Riyadh–Amin Nasser, the president and CEO of Saudi Aramco, has said that the company will begin next year to issue its quarterly results rather than announcing them on a yearly basis ahead of a stock market listing.
Speaking at the King Abdullah Petroleum Studies and Research Center (KAPSARC) Energy Dialogue, Nasser said Saudi Aramco plans “hopefully next year” to begin issuing quarterly results ahead of a stock market listing. This would provide better data for potential investors, he said.
Nasser told a conference that preparations for an initial public offering (IPO) of a stake in the company were “going very well” which could take place in 2018, and would be the biggest in history.
Nasser said Aramco would “for sure” list on Saudi Arabia’s bourse but is also eying abroad including New York, Tokyo and Hong Kong. Nasser stated that the firm is still studying listing a number of its shares in New York despite the JASTA bill.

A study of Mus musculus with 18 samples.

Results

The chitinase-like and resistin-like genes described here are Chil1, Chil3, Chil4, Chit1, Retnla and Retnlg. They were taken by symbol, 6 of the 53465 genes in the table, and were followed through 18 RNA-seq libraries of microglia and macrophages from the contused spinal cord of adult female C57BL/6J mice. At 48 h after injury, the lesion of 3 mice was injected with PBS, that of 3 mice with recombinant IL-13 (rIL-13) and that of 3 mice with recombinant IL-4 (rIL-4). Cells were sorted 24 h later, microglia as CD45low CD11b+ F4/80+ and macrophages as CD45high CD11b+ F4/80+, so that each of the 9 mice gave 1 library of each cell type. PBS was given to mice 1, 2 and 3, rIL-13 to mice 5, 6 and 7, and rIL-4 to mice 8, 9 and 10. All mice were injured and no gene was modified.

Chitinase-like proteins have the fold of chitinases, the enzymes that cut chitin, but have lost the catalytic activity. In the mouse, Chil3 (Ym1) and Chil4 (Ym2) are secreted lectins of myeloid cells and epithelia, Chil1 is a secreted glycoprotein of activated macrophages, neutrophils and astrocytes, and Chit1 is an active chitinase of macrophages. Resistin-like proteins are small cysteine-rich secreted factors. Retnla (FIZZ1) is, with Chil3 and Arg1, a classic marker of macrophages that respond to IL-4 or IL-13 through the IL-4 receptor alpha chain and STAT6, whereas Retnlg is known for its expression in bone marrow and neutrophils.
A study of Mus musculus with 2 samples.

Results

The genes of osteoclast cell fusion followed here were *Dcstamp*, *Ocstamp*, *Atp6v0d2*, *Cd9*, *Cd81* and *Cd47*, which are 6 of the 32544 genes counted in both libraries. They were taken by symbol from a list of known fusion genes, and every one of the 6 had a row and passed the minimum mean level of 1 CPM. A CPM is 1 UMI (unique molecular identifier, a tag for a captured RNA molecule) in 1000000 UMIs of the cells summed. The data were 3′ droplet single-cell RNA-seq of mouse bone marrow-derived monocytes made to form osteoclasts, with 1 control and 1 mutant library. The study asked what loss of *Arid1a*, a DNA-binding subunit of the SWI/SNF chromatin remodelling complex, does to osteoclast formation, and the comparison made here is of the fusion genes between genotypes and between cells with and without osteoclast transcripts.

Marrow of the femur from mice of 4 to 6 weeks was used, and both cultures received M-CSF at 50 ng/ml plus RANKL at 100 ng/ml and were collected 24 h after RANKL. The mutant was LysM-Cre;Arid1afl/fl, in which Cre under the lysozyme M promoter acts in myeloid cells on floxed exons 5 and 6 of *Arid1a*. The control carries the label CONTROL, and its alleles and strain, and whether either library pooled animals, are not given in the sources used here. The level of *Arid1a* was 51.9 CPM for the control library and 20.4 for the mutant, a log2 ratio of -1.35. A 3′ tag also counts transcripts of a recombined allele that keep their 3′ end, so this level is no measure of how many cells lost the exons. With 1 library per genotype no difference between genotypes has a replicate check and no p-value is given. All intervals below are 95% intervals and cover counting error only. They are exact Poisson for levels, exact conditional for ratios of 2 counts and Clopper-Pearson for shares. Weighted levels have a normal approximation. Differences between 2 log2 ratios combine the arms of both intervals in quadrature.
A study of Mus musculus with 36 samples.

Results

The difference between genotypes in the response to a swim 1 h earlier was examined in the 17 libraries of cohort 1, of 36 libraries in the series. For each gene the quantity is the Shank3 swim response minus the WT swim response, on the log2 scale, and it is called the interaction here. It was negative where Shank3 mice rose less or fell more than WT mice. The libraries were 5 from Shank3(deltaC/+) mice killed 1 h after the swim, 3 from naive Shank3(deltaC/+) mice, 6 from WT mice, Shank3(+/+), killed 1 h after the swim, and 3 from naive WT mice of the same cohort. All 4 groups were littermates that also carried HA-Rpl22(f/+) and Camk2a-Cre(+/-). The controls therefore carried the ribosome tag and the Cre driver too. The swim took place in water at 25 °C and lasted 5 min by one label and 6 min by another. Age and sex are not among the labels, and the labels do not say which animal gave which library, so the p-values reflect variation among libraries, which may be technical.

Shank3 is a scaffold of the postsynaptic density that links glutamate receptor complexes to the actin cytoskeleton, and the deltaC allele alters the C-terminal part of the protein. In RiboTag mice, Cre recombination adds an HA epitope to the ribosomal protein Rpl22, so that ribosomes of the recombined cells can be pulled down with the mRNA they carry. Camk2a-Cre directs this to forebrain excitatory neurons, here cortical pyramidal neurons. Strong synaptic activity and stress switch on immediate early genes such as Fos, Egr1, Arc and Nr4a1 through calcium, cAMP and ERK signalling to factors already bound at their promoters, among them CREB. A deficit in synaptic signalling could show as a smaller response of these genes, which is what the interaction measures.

He added: “Pragmatism demands that sufficient investments continue to be made in oil and gas during the long transition. And at the same time strong emphasis needs to be placed on minimizing the carbon footprint. The Kingdom is fully committed to the goal of clean energy, and climate change is a top priority.”
The CEO informed the audience that the gap between supply and demand is closing, as Aramco’s analysis sees the market “balanced by the first half of 2017.”
Nasser told reporters on the sidelines of the conference, that Aramco has acquired U.S. Company Novomer which turns carbon dioxide into chemicals. When asked by reporters to give details on the size of the investment, Nasser said an announcement will be made soon.
“It is a company that will convert carbon dioxide to valuable chemical products. It is very important, especially when we talk these days about climate change. This investment is spot on,” explained Nasser.
The two-day Energy Dialogue is organized by KAPSARC to act as a catalyst where solutions and common vision on the many energy challenges the global community face are addressed.
Over 300 researchers, energy specialists and policymakers from around the world attended the first day of the dialogue. The dialogue consists of three key speakers and 16 specialized sessions to address the latest challenges in energy transitions and economic transformation.